Graphene OS Day 4 😀

Hey All,

First… Many Thanks to Jeff and CMZ for the life changing nudge into new frontiers!… I have never been tech focused… just enough to do what I needed to do and what I picked up along the way… I am now unexpectedly enjoying the challenges of new tech as I have added Linux to my life and am in the final stages of De-Apple’ng and De-Googl’ng!

@GrapheneGoat ‘s inspiring post on GrapheneOS De-Googled Phones Explained, pushed me forward to jump into that pool as well… I thought his idea that it didn’t have to be an all at once changeover was sound and am pleasantly surprised to find myself comfortable switching a temporary SIM card out for my IPhones card and making the switchover complete at 4 days in…I have used IPhones for the last 10+ years so both Android and GrapheneOS were uncharted territory… I found an excellent video on YouTube ( now viewed on New Pipe ) by Android Privacy Lab on how to Sandbox Google and it was a perfect compliment to the instructions on the GrapheneOS site…

Anyway… if any of you find yourself wondering if you should jump in the pool, all I can say is …do it! … The water is fine!…If I can do this, so can you!

Onward We Go Brave Patriots!

D.A. :raising_hand_woman::sunflower::two_hearts:


Great to hear! Onward indeed, in sharing that initial post as a PDF document, I’ve captured a lot of interest among my coworkers as well, and a few are actively moving to also go Graphene OS and de-Google/Apple their lives, I love seeing other success stories. Each one starves the tech oligarchs of data and moves the needle towards freedom.

The hangup for most seems to be lack of time (I very much appreciate that, I’m a busy critter) and fear of the unknown for lack of better term, but the reality is that we can all dabble in this and take baby steps, within a month or so, it won’t be a big deal, but you will have accomplished a huge layer of privacy and control over your devices.

FOSS for the win! Tell your friends, some of mine are tired of me pestering them, but I won’t stop! Don’t forget to tell them it’s freeeeee :muscle:


Onward we go Brave Patriots!



OsmAnd is good, but is not quite as accurate as Google Maps for certain info, for example, it still shows the West Seattle bridge here in WA state as being open, it’s been gone for a while now, and won’t be rebuilt until another year perhaps. Kind of annoying, but in fairness, it recalculates quickly and gets you back on track. But then again, OsmAnd is getting very little data and input from people compared to Google maps. So the more of us who report and use the app, the more useful it will be. Does 99%, although I have not used the voice prompt feature, I’ll mess with mine and see what issues I run into. It seems like OsmAnd has more features, which is both nice to have, as well as confusing when you just need a few simple things quickly. If you download Mapillary, it provides street view, and there’s other street view programs you can integrate to get that.

I have been experimenting with running both OsmAnd and Google maps within a browser to see how they stack up as far as route and ETA, etc. So far, I’ve seen it be similar, but not always matching routes or ETA’s (more so the routes, ETA is pretty spot on) Map app is really the only significant difference that I’ve had using Graphene, so far otherwise it’s been not only sufficient, but more enjoyable.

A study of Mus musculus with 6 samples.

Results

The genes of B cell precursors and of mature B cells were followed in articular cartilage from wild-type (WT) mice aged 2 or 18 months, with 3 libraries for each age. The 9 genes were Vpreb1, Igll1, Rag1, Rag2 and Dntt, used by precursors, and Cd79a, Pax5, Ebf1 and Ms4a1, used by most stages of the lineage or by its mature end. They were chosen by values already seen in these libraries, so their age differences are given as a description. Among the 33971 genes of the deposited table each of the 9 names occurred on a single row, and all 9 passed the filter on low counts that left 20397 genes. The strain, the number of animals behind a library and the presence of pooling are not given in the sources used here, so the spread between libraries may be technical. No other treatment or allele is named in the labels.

Same with Linux, with MS I was screaming at my computer every day (it doing who knows what, grabbing my keystrokes, pictures and microphone???) but since being on Ubuntu, Pop!OS and Kali, I’ve had not only less computer woes, but am fascinated at the whole new world they offer!

Keep preaching the good word of FOSS! Episode this week (246) did a decent run down of how to sanitize and customize standard Android phones using a computer and terminal code. Great to know, not the most private option, but great tool for those who don’t want to give up key features, or want a phone with more features than a Pixel for example, the link for the podcast has all of the technical detail on how to harden your existing Android device, including removing bloatware manually, and customizing things to make your life more private, and certainly easier for your experience when using any given Android phone.

For the purist and more hardcore privacy folks, Graphene stands out as the clear win, but we should not play into the idea that your phone has to be X or you’re an idiot; rather, be informed of options, and make the choice that is best for you. Good approach.

Gabriel Custodiet seems to be another up and coming privacy guy, he has similar content along these lines, worth checking out. If you have other favorites that do phone and/or Graphene phone info, please fire away on this thread! Tons of options out there, all have pros and cons.

I like how you worded this and it describes my journey so far as well. I imagine many of us are on the same path with all of this at first. I imagine as time goes on we will each branch out into more specific areas that interest each one individually. In that first few months (some sooner, some later) you would have distro hopped a little and degoogled a phone and shared your excitement with others. I wasnt looking to add technology to my life…but here we are!